If there is one thing that sprint and speed coaches can always learn more of for the benefit of their athletes, it is the correct implementation of plyometric training.
Plyometric work provides one of the most fundamental overloads to the central nervous system and muscle-tendon complex. I'm excited today to have Ryan Banta chat about how he utilizes a yearly periodization program for the sake of improving sprint speed and power.
Using only one plyometric scheme and emphasis year round can yield burnout, and limited results, so it's always helpful to have guideposts during the training process. With that said, let's get started on Ryan's thoughts on year round plyometric implementation for sprint athletes!
Missouri MileSplit: Talk about your yearly periodization scheme in the implementation of plyometric exercises
Ryan Banta: Training an athlete with a global periodization scheme, I feel it is important to link training modalities together with the different themes of the season and to maximize the adaptations you are trying to exploit in training.
In a concurrent periodization model, you are creating training for different biomotor abilities through multiple means of training. The first three weeks of the annual plan I tend to avoid specifically dedicated plyometric sessions to allow the athletes to adjust back into training. Remember sprinting at high speeds is plyometric training and some biomechanical drills have stretch shortening components.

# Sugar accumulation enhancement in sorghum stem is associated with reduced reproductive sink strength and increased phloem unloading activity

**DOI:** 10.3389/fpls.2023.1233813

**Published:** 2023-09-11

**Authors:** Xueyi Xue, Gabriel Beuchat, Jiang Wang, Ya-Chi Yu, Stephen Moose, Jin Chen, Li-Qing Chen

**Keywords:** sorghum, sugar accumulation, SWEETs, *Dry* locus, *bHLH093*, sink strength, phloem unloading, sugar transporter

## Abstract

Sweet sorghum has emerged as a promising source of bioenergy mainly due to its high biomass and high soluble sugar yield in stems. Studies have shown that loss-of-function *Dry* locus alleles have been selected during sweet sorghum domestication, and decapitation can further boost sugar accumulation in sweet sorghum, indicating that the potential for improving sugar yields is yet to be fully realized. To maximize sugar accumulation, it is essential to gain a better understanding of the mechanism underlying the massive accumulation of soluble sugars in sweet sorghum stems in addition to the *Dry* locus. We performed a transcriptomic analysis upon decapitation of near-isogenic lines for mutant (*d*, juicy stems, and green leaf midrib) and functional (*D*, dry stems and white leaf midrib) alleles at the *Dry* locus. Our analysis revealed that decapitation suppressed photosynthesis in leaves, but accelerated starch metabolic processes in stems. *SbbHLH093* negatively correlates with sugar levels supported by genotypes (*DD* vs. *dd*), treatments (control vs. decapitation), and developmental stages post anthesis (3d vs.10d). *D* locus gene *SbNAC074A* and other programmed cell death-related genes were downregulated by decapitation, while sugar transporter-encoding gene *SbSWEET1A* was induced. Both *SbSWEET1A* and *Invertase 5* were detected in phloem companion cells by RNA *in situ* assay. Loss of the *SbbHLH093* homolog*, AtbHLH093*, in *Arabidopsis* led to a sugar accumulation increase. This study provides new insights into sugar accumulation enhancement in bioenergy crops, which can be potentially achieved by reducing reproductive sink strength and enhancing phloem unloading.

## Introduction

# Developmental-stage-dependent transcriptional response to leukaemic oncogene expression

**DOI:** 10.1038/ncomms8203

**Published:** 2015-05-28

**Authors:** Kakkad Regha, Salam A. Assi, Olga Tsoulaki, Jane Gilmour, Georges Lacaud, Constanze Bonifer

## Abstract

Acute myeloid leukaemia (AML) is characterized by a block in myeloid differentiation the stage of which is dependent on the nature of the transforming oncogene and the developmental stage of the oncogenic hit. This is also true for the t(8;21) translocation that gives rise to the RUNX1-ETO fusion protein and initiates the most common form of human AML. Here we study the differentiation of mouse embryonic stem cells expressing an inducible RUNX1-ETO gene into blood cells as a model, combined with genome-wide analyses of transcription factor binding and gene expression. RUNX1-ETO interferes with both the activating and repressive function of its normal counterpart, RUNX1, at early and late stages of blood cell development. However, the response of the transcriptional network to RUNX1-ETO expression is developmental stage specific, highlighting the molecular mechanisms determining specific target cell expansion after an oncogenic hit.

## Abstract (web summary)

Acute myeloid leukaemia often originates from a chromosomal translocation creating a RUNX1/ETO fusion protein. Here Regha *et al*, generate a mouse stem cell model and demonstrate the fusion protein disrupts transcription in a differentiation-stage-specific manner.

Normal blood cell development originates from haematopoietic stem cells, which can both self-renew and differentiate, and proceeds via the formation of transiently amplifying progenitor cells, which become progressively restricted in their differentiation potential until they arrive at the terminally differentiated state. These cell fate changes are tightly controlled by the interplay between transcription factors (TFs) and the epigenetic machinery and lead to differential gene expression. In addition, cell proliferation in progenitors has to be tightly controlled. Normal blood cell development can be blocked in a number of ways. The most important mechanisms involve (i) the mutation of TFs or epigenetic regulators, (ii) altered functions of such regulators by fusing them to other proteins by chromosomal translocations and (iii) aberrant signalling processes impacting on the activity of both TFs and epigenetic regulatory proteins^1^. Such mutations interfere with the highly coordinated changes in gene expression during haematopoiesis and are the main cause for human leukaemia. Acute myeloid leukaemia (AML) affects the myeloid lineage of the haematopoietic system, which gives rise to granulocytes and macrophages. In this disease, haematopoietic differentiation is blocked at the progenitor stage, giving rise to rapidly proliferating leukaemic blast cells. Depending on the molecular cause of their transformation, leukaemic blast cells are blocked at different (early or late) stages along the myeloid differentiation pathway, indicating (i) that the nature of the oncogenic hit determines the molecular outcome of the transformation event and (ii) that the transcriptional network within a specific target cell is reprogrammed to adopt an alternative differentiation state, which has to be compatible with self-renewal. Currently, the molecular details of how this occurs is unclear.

I like to train athletes from a global perspective, keeping training fresh and moving forward in some different methods simultaneously. I find it valuable to start with simple in place jumps to help develop a sprinter's trigger, aka their ankle complex.
Novice athletes need to learn how to land and the experienced ones need reminding. There is no purpose in moving the athlete forward beyond the simple jumps if they cannot land correctly. Some athletes will progress quickly, and an experienced coach should feel comfortable moving them forward into more challenging plyometric drills.
Ankles need to have the ability to be stiff when the situation calls. Ankles at the same time need the proper amount of suppleness. We currently have a young athlete with ankles severely locked. As they run, you can hear a Boom, Boom, Bang with her cadence. Not only is the athlete landing too hard but the bang on the third step is a pre-indicator for an imbalance in a sprinter's gait. These sounds could spell disaster if not taken seriously.
If you listen, you can learn a lot about an athlete as they run past you without even looking at them (more on this topic can be found chapter 9 in The Sprinter's Compendium). I am going to prescribe a lot of in place jumping including jumping rope to unlock their ankles. I tend to couple this training with hypertrophy work in the weight room. In addition to hypertrophy work adding horsepower, increased anatomical leverage, and a cross-section of muscle, it also improves connective tissue. Ligaments along with tendons have a chance to develop both with the in place jumps and hypertrophic strength training. If an athlete is ready to move on we, then ramp up the intensity and volume in the concurrent model. Increased intensity and volume comes during specific preparation phase.